Mayor Pete Buttigieg is the latest 2020 presidential candidate to suggest the elimination of the Electoral College vote, according to Business Insider. Buttigieg said he would propose a Constitutional Amendment to abolish it. The Electoral College often causes voting paradoxes in the United States.
Many presidential hopefuls for 2020 have voiced their support for abolishing the Electoral College, a representative system that determines the results of the election of the President of the United States. Democratic presidential candidate Elizabeth Warren preceded Buttigieg, the mayor of South Bend, Indiana, in calling for doing away with the system in favor of a direct popular vote determining the presidency. The primary reason for this is because sometimes, the Electoral College makes a different decision regarding elections than the popular vote, resulting in what’s commonly known as a “voting paradox.” Let’s look at some examples and types of voting paradoxes.
Electoral College and Famous Presidential Voting Paradoxes
According to the Encyclopedia Britannica website, the results for the 2000 Presidential Election were as follows. Republican candidate George W. Bush received 50,456,002 votes. Democratic candidate Al Gore received 50,999,897 votes. By this qualification, Al Gore won the presidency by over a half a million votes—543,895, to be exact. However, George W. Bush won 271 votes from the Electoral College compared to Al Gore’s 266 and Bush became the 43rd President of the United States. This is one example of a voting paradox—in which the popular vote appears to have gone in one direction while the Electoral College vote went in another direction.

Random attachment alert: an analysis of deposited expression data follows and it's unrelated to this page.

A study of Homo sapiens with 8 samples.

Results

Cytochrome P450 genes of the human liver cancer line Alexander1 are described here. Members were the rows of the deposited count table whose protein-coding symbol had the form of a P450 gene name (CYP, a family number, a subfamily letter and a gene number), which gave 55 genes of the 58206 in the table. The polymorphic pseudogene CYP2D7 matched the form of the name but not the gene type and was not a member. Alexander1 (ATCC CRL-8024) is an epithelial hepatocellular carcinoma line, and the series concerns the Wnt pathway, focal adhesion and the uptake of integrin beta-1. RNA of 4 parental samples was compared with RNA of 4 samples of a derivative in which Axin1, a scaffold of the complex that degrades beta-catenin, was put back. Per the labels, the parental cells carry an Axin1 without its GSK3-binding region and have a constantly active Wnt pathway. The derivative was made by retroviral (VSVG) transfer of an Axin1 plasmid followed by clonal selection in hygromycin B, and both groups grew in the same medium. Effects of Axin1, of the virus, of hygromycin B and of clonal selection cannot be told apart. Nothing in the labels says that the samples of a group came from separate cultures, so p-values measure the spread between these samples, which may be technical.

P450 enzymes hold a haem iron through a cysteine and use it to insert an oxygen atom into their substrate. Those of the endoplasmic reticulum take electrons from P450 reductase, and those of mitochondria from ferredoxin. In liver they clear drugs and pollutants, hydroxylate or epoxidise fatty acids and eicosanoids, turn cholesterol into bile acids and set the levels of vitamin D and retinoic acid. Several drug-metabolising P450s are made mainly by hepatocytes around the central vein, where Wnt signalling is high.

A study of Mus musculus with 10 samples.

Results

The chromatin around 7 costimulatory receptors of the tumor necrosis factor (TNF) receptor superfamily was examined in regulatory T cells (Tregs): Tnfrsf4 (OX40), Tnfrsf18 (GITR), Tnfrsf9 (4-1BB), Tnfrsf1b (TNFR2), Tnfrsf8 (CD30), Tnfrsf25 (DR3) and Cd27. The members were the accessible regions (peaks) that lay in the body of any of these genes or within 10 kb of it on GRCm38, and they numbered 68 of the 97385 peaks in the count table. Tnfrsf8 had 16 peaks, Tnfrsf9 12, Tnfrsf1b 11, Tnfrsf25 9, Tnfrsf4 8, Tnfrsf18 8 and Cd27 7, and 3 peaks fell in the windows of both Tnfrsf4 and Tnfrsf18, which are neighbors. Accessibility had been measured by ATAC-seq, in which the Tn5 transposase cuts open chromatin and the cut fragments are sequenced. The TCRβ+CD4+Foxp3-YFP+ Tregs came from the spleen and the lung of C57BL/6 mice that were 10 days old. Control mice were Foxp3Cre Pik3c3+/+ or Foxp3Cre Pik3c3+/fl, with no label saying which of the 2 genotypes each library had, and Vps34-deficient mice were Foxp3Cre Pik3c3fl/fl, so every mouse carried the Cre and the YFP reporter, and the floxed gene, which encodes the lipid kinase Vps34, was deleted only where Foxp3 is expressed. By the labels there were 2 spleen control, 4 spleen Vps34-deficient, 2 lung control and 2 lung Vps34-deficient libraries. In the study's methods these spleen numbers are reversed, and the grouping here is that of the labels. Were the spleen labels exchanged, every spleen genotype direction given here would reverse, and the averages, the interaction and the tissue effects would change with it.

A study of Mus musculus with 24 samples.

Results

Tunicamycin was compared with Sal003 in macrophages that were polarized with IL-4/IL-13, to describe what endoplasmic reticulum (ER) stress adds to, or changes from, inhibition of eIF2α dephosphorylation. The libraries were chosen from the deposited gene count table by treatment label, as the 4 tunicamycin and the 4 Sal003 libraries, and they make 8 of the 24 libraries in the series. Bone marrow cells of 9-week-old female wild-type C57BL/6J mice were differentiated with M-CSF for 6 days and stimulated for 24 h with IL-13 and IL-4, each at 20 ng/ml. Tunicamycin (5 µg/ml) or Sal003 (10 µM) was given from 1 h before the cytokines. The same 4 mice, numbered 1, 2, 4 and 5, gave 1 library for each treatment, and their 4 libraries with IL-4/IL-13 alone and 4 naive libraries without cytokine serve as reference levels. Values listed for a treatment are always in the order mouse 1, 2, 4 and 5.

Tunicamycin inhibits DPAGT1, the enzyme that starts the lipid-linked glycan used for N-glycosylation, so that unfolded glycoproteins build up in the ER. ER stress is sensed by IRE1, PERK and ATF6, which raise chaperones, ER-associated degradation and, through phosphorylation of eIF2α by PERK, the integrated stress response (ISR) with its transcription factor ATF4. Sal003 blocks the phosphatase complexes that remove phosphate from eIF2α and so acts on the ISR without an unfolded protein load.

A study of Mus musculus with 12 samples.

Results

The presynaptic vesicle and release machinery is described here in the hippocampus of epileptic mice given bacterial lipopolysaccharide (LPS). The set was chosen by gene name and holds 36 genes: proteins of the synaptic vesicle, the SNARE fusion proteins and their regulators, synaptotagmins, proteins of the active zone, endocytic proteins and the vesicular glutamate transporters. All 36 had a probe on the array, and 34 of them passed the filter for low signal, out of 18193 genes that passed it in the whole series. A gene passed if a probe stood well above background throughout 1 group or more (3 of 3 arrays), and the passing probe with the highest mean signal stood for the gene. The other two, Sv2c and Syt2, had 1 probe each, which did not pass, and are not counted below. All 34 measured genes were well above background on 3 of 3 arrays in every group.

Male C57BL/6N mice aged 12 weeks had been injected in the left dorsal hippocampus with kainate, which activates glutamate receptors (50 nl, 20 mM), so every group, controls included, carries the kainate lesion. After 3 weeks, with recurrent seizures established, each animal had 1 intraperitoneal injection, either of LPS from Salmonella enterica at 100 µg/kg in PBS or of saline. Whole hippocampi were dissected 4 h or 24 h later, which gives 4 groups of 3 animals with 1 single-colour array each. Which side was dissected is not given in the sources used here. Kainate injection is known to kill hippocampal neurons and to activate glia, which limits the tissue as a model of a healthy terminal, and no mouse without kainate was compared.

Similarly, in the 2016 election, Republican candidate Donald Trump received 62,979,636 votes. Democratic candidate Hillary Clinton received 65,844,610 votes, for a total of 2,864,974 more votes than Donald Trump. Again, much like the 2000 election, the Electoral College went the other way, granting 304 votes to Donald Trump and 224 to Hillary Clinton. Donald Trump was elected the 45th President of the United States.
Politicians, pundits, and the public have debated for generations whether the Electoral College or the popular vote should determine the presidency. These two examples—of which there are several, dating as far back as the 1876 election of Rutherford B. Hayes—show that sometimes voting paradoxes occur on a national level.
The Condorcet Paradox
What happens if three people each cast a vote to decide where to eat dinner, but each of them votes for a different restaurant? Since nobody’s vote outweighs anyone else’s, there’s a deadlock. This conundrum is called The Condorcet Paradox. “This is named after 18th-century French mathematician Marquis de Condorcet,” said Dr. David Kung, Professor of Mathematics at St. Mary’s College of Maryland. “Then you go on and on and on. It doesn’t always happen, but sometimes, you have these cycles.” In this instance, everyone may offer their second choice out of the three, which may help break the tie.
Politically speaking, with narrow races, runoff elections can resolve similar issues. “After an initial vote, where each voter gets to vote for their top choice, then the last candidate, or maybe all but the top two, are dropped, and the remaining candidates compete in a runoff,” Dr. Kung said.
Resolving issues like three-way ties and balances of power are never simple. Voting paradoxes present themselves quite often. Should the United States rid itself of the Electoral College, it would do away with one paradox but it may invite other complications in future elections.
Dr. David Kung contributed to this article. Dr. Kung is Professor of Mathematics at St. Mary’s College of Maryland. He earned his B.A. in Mathematics and Physics and his Ph.D. in Mathematics from the University of Wisconsin, Madison.